In the readings for Sunday, Nov. 4, we’re reminded that we can’t skimp on our relationship with God. God gives us everything, and we give everything we have back to God.

by Jen Schlameuss-Perry

Readings

Deuteronomy 6:2-6

Therefore, you shall love the LORD, your God, with all your heart, and with all your soul, and with all your strength. 

 

Psalm 18
I love you, Lord, my strength.

 

Hebrews 7:23-28
Jesus, because he remains forever, has a priesthood that does not pass away.

Mark 12:28B-34
“‘… to love your neighbor as yourself’ is worth more than all burnt offerings and sacrifices.”

You can read the full text of this Sunday’s readings here:

Scriptures for the Thirty-first Sunday in Ordinary Time, Cycle B

Reflection

Throughout divine revelation there is a consistency of message regarding the connection between our love for God and our love for neighbor that we see clearly in today’s readings. The first reading is from Deuteronomy, a book of Jewish Law. Not Jewish recommendations, but required, binding law that governed people’s ability to be in right relationship with God.

It says that if I am going to love God, it has to be with my whole self — not just a chunk of my heart, or a corner of my intellect — but with my whole being. It has to be everything that I am, and everything that I do. And what shall I do? Justice. And what is justice? According to the entire law and prophets, it’s to care for the widows, orphans and aliens: to love my neighbor.

Our second reading is a follow up of last week’s second reading, and illustrates the difference between what we heard of the human priesthood and Jesus’ priesthood. It can also invite us to reflect on what happens when our priests act “in persona Christi,” which is that the man is put aside, and Jesus, working through him, offers the sacrifice of the Mass himself. What we celebrate and what we receive is perfection, because Jesus, our high priest, does it himself. Of course, there’s no accounting for the homilies … (just kidding!).

Jesus quotes our first reading in the Gospel story when a scribe asks him what the greatest commandment is. Jesus adds, and the scribe agrees, that the way to live out that commandment is to love your neighbor as yourself. The scribe, in a very rare moment, praises Jesus for his wisdom — usually these guys are trying to trap him. But this man answers with understanding — not just information like the others. The law is in this man’s heart. Therefore, Jesus declares him “not far from the kingdom of God.”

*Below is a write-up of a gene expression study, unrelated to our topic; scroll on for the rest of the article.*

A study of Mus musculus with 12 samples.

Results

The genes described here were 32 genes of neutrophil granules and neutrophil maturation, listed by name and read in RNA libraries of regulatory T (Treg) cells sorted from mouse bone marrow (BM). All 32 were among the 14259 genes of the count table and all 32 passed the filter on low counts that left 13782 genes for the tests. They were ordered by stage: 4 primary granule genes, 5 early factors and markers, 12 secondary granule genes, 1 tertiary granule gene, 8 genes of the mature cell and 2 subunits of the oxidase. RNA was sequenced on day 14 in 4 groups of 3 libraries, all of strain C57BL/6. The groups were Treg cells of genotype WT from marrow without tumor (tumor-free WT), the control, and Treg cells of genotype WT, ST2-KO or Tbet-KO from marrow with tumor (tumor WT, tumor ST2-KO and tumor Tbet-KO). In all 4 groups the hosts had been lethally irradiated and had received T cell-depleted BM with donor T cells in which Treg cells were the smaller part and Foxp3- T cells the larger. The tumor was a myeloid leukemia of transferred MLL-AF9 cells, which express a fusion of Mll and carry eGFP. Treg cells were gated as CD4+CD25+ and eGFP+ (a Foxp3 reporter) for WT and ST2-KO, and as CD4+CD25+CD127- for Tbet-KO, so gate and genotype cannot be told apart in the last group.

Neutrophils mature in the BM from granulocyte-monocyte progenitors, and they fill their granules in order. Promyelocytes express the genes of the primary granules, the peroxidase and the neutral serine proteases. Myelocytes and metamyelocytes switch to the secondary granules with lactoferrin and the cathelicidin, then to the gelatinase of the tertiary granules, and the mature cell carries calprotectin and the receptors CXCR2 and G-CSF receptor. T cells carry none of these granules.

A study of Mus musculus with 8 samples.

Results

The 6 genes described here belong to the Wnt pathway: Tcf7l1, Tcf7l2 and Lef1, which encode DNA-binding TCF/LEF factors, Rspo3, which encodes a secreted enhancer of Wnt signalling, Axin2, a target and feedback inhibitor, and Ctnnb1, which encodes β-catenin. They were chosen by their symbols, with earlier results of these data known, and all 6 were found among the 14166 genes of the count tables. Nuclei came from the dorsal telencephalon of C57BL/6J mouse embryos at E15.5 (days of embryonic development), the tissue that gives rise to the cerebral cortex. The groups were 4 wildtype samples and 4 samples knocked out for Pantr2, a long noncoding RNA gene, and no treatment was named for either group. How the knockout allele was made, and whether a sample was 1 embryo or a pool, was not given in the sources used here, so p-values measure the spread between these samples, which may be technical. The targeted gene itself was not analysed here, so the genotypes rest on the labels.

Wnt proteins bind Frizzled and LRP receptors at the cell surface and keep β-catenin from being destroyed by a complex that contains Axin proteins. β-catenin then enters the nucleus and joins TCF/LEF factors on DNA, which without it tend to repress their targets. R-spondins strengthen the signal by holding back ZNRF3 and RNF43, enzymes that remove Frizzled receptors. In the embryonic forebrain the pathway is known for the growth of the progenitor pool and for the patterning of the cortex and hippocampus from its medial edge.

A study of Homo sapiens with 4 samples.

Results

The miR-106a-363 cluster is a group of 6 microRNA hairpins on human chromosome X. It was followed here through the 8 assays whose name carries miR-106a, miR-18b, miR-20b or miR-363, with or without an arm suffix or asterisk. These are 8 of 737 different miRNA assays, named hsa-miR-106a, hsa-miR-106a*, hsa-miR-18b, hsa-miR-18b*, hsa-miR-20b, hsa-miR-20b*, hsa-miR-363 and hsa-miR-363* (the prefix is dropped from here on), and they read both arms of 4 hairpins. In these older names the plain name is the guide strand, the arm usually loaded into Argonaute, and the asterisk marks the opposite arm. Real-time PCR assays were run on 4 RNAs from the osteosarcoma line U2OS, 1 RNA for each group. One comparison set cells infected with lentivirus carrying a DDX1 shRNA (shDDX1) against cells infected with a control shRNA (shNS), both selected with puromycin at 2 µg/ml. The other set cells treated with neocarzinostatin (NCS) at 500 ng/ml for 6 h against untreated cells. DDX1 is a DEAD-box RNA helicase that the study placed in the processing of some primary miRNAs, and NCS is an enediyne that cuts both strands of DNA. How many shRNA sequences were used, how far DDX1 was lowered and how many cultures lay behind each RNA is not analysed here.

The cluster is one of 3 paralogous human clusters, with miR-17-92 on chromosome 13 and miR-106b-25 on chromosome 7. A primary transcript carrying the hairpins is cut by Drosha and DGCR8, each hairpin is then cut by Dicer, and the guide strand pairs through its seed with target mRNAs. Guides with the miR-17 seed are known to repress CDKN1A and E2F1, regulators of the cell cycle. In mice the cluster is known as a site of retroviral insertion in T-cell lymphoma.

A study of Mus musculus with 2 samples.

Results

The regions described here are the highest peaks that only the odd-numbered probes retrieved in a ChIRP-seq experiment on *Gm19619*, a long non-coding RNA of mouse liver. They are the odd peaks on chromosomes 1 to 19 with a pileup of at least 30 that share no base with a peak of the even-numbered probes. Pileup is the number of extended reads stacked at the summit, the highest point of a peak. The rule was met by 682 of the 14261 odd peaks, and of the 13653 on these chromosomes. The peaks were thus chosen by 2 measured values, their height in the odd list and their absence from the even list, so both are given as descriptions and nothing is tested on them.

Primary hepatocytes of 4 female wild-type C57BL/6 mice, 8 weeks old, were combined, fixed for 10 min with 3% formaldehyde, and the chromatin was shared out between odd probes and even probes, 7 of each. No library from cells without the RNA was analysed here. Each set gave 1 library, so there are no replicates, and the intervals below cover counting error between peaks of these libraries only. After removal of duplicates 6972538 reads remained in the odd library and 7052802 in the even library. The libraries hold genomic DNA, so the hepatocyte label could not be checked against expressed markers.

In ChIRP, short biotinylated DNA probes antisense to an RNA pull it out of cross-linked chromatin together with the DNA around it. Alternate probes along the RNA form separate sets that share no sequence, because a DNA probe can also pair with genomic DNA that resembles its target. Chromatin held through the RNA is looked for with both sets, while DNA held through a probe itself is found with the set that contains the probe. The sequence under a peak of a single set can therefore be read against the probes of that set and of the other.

Kids

Jesus tells us to love our neighbors. Who are your neighbors?

Teens

Do you love God with your whole being? What do you hold back, if anything?

Adults

What is the difference between having information and having understanding? Why do you think Jesus said that the scribe had understanding?

Bonus Challenge

Figure out ways to love God with your whole mind, whole heart, and whole strength this week. Do it. This could mean doing your very best in school (your whole mind); doing something kind or making a card for someone who needs to know that they’re loved (whole heart); helping someone with chores (whole strength). What else could you do?

 

A little lectio

The ancient practice of prayerfully reflecting on bits of Scripture is known as lectio divina. Want to try it out with your family? Head over to Lectio Divina for Kids to find out how to adapt this prayer practice for your kids.

A little Bible study

Want to do a little Bible study with your kids? Here are some tips:

  • During Ordinary Time, the Church pairs the Old Testament and New Testament readings in a way that each sheds light on the other. Ask your kids to look for the common theme connecting the two readings. (Sometimes it’s obvious, sometimes it is subtle.) How does the “dialogue” between the readings help you understand them better?
  • Get a New American Bible, Revised Edition, and take a look at the footnotes for these readings. How do they change your understanding of what is going on?
  • Take a look at the context for the readings—what happens before, or after?
  • Read the NABRE’s introduction to the book of the Bible that the readings are taken from. How does that help you understand the readings?
  • If you don’t have a copy of the NABRE at home, you can view it online at the USCCB website at the Daily Readings web page. (The link will take you to today’s reading; click forward or backward on the dates to get to Sunday’s readings.)

For even more resources for breaking open this Sunday’s readings, head over to The Sunday Website.

The image for Breaking Open the Word at Home is taken from a 17th century illuminated manuscript by an anonymous (but very talented) artist. The text is from the beginning of the Book of Sirach, chapter 1, verses 1-12, which begins: “All wisdom is from the Lord and remains with him forever.”

Follow Jen Schlameuss-Perry:

Pastoral Associate

Jen is a massive fan of all things Sci-fi, Superheroes and Cartoons. These things, more than any other, occupy her mind & keyboard as she ponders them through the lens of her Catholic Faith. Jen is a Pastoral Associate for a Catholic Church, a wife, and mother of two boys.